Peace, peace, peace on Earth and good will to all
That’s all all. That’s where we live together in a world where we’re not judging people. It’s an Earth where we wish good will to our friends and our enemies. It’s a world where we forgive those who have oppressed us. It’s a place where we try to set aside our differences and live in a society of mutual respect — or, at least, tolerance. We’ve done evil things to one another. But we’re still stuck on this planet together. So rather than killing and oppressing and hurting one another, isn’t it better to try to get along?
This is a time for joy
Sad things happen, and more of them have been happening lately than normal. But in Johannesburg, the people are singing and dancing in the streets to celebrate the life of the Father of their Country, rather than mourning him with tears of sadness. If they can celebrate, why can’t I?
I’ve heard more than one person express relief that Mandela’s suffering is over, again. He has been released from the prison of his physical body here on Earth, and can finally rest from his labors.
This is a time for love
The loss of Mandela focuses attention on his ideals for a better, unified, more just South Africa. He made great strides. He unified a country that many had written off as irreparably broken. But there’s still so far to go. The disparity between rich and poor in South Africa magnifies the same inequalities we have in the United States and around the world. The sad part is that we have the capacity to solve our problems. We just choose not to help one another.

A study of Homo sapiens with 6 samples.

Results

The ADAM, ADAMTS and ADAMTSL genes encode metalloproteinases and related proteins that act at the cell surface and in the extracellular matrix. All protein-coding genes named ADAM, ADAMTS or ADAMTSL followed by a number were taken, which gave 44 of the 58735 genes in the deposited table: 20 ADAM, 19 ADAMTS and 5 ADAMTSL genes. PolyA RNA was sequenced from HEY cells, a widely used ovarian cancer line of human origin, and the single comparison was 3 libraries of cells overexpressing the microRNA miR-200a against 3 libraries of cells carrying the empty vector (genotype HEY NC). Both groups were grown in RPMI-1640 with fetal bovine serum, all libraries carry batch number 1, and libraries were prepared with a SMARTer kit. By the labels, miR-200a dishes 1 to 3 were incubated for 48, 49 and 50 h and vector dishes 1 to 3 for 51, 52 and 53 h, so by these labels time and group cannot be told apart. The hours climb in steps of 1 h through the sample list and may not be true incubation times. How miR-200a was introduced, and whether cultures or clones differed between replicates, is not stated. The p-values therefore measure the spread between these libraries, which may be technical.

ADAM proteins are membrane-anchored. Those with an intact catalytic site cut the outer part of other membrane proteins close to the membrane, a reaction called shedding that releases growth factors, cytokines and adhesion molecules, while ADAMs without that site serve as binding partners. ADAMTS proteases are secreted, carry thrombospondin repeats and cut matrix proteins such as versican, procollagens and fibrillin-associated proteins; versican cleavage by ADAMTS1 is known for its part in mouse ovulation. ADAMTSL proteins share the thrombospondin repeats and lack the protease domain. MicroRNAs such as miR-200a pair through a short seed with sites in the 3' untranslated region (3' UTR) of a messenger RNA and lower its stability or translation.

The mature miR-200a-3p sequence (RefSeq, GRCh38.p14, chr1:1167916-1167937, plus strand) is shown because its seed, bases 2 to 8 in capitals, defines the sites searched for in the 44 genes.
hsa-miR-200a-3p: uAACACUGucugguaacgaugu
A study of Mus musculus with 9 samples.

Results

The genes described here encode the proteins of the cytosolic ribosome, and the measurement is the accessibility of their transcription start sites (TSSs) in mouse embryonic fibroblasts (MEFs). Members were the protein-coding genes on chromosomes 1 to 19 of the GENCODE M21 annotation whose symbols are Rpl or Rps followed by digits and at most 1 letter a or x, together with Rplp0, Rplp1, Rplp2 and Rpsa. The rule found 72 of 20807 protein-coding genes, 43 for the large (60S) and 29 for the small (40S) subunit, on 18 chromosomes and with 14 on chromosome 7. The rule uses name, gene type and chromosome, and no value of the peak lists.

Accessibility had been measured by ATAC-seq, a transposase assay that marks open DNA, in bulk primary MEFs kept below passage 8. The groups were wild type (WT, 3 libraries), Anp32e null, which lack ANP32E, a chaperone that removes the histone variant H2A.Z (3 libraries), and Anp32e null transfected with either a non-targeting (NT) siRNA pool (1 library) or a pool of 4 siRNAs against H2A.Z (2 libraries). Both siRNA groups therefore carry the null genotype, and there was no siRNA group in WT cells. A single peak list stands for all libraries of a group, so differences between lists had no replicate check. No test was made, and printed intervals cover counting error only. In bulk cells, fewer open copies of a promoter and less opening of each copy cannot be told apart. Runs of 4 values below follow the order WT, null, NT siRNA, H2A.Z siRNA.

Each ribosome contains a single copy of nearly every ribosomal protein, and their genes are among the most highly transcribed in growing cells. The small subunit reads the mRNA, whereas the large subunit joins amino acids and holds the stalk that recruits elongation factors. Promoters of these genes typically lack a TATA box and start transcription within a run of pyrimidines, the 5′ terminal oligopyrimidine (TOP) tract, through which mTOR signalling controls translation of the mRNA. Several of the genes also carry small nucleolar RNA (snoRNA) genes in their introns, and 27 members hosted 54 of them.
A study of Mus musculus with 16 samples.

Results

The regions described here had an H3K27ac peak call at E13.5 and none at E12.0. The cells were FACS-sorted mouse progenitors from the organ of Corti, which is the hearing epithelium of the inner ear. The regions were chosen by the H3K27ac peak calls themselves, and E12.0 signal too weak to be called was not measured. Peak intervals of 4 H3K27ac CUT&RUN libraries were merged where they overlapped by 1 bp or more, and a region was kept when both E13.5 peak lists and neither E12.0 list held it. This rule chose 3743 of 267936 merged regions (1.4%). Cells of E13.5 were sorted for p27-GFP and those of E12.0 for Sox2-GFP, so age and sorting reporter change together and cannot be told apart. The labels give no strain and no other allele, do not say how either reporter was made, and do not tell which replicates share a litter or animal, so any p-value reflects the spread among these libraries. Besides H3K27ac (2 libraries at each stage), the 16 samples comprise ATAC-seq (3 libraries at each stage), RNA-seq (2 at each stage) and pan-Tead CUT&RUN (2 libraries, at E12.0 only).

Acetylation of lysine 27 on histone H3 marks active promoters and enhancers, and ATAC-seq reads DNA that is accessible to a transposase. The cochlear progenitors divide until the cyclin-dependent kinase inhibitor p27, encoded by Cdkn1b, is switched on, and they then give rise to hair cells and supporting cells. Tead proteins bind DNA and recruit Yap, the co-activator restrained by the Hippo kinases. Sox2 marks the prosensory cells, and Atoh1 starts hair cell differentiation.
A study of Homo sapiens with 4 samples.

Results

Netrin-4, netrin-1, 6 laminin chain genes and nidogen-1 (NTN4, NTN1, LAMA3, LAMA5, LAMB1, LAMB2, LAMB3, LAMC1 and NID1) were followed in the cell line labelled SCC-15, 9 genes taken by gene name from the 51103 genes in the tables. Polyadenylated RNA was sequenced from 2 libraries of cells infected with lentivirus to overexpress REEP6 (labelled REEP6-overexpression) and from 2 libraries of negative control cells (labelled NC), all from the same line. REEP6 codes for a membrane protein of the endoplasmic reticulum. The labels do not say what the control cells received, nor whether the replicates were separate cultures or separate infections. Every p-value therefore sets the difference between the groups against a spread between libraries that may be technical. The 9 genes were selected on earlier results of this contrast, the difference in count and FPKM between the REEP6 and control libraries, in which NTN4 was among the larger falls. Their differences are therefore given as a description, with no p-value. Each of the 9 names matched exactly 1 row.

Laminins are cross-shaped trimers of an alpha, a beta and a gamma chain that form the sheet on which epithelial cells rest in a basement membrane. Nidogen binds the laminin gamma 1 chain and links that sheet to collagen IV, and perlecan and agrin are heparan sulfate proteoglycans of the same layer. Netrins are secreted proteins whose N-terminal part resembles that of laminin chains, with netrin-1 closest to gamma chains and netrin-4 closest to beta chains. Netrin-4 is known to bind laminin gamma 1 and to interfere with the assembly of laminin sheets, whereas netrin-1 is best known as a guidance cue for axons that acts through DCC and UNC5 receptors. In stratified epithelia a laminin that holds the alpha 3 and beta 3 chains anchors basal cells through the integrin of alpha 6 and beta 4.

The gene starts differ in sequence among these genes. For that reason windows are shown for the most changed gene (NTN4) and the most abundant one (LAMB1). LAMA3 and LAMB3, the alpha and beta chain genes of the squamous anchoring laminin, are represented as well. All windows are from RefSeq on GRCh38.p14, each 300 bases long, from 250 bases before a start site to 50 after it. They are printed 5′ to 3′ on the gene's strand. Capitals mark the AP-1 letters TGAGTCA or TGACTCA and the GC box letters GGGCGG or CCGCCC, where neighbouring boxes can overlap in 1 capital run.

Now let us all sing together
Singing is an enormous part of African culture. They sing because it connects them to their community. Mandela promoted the idea of ubuntu. I am a part of this community. Without the community, I would be diminished. And without me, it would be less than it is. We depend on one another. We are part of one another.
I’ve been in many professional development workshops over the years. But only the ones in Africa spontaneously break into song:
Of peace, peace, peace on earth
There are seven billion people on this planet, and yet humanity seems diminished with the loss of one. Mother Theresa is often quoted as saying that we ourselves feel that what we are doing is just a drop in the ocean. But the ocean would be less because of that missing drop. That’s Ubuntu. We learned that from Nelson Mandela.